Affordable Steaks That Make the Cut

This is the summer for affordable grilling, but that doesn't mean backyard barbecuers have to give up steak. Food writer Tony Rosenfeld offers tips on how to grill a tougher variety.
By Tony Rosenfeld
Special to The Washington Post
Wednesday, May 20, 2009

This is the summer for affordable grilling, and that does not mean steak eaters are out of luck. They just need to bone up on cuts that can impress a crowd without straining the budget.

There are bargains to be had in the meat case, for $5 to $7 per pound. Affordable cuts of beef tend to fall into three groups: hanger and flatiron steaks, long prized by chefs; flank, flap, tri-tip and skirt steaks, which used to be even cheaper when they were less popular; and gems such as chuck eye, chuck shoulder and top sirloin steaks, which are, for the moment, the least expensive of the lot (less than $5 per pound).

One thing they all have in common is their tough texture. They come from well-exercised muscles of the animal, which tend to be the most flavorful. There are other cheap cuts to consider, but they suffer from a lack of beefy flavor or from lots of gristle and bones. Attentive prep work, intense marinades and closely watched grill time can do wonders for the bargain cuts we're focusing on here.

First, the marinades: Conventional culinary wisdom holds that these liquid mixtures flavor and tenderize tough cuts. Recently, food scientists have begun to question not only whether marinades tenderize meat, but also just how far the marinades actually are able to infuse flavor.

In the face of what science may or may not show, experience and many generations of cooks have proved that a good marinade can dress up ordinary meat. Even if the effect is only skin-deep and non-tenderizing, flavors such as soy-ginger and rosemary-red wine give affordable cuts a richer color and an intense, savory crust.

Grilling's the way to go for this kind of beef, and that merely demands organization and attention to detail. Little things make a difference, such as pulling the steaks out of the refrigerator while the grill heats up so the meat is not chilled when it hits the grate. That helps achieve the ultimate goal: steaks cooked to a uniform doneness. When the meat goes straight from the fridge to the grill, it takes longer for its center to reach medium-rare or medium, during which time the outside starts to char and the interior can go gray.

The fire itself can guide the grilling process. Create two zones: a hotter one that affords a controlled-sear option and a medium-heat area that will cook, but not burn, the meat. On a gas grill, it's a matter of turning knobs. For a charcoal fire, bank about two-thirds of the coals on one side of the grill and scatter the remaining third on the other side.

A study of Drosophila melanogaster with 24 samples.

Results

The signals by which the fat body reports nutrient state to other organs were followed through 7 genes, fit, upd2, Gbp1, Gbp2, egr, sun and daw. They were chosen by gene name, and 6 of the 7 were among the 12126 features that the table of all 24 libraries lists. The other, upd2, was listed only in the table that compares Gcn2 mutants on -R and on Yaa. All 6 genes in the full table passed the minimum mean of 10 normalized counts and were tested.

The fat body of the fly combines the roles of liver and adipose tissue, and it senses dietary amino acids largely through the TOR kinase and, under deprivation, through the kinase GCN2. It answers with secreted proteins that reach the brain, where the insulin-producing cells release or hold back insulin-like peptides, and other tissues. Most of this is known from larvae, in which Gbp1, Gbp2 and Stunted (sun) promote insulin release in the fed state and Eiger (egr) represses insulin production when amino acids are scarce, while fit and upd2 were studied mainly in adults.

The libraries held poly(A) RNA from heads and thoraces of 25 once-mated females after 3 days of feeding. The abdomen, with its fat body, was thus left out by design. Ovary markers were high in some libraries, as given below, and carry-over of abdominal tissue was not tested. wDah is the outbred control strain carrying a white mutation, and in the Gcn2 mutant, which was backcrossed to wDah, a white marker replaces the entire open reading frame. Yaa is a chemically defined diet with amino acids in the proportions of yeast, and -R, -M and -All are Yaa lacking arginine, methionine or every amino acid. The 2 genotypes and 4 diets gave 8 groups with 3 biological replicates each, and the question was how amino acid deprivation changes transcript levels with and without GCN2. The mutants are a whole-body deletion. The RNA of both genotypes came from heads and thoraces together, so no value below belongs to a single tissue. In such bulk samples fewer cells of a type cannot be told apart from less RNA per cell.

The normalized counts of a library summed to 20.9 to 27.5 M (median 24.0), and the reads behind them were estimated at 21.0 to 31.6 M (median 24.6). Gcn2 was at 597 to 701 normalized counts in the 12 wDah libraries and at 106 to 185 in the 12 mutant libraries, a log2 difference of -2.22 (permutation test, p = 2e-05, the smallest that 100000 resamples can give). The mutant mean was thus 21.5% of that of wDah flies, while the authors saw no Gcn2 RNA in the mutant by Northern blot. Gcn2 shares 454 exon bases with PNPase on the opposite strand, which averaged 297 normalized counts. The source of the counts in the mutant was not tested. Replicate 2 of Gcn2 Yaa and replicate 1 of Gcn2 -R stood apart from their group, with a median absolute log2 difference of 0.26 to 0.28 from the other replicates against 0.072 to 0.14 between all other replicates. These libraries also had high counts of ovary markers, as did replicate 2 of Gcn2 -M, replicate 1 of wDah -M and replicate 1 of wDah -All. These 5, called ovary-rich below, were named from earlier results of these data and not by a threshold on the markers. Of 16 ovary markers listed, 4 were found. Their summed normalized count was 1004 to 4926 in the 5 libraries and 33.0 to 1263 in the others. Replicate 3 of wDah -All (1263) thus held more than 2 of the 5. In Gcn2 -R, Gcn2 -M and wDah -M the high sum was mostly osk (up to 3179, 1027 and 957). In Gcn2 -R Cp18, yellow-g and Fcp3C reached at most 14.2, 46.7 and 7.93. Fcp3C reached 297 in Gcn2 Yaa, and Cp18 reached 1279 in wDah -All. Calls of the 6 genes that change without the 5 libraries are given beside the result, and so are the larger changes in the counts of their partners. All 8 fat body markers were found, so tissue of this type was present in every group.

Before the steaks go on, follow the usual pre-grill protocol: Brush the grates to remove any grime, then grease them, using an oiled wad of paper towels. This two-step drill helps ensure the steaks won't stick to the grate or pick up any off-flavors.

Once the meat is onboard, patience is a virtue. For the steaks to release easily and get good grill marks, they need to cook undisturbed for two to three minutes. Once the first side is uniformly browned, flip and cook until done. An instant-read meat thermometer is a smart investment.

Patience also guides the final step of the grilling method. Let the meat rest for five to 10 minutes after cooking and before slicing. As Harold McGee explains in "On Food and Cooking" (Scribner, 2004), that cooling period allows the meat to firm up, which, in turn, causes its water-retention capacity to increase. Stated simply, a couple of minutes of cooling helps the steaks hold on to their juices. If you were to get antsy and slice the meat the moment it came off the grill, all of those wonderful juices would run onto the cutting board. That's often the difference between a juicy and a not-so-juicy steak.

Marinated, grilled steaks are plenty tasty on their own, but it doesn't take much to throw together a quick sauce to complement such fine work. A tangy caper aioli or chipotle-lime butter would go nicely with steaks treated to the rosemary-red wine marinade, while a mango-grilled red onion chutney or spicy Korean steak sauce would match the profile of steaks that have spent time in the soy-ginger marinade.

Check this chart for more information about affordable cuts and for a foolproof method for cooking them. Then head out to the patio, where the classic summer pairing of steaks and the grill is still well within reach.

Freelance food writer Tony Rosenfeld is working on a cookbook about high-heat weeknight cooking.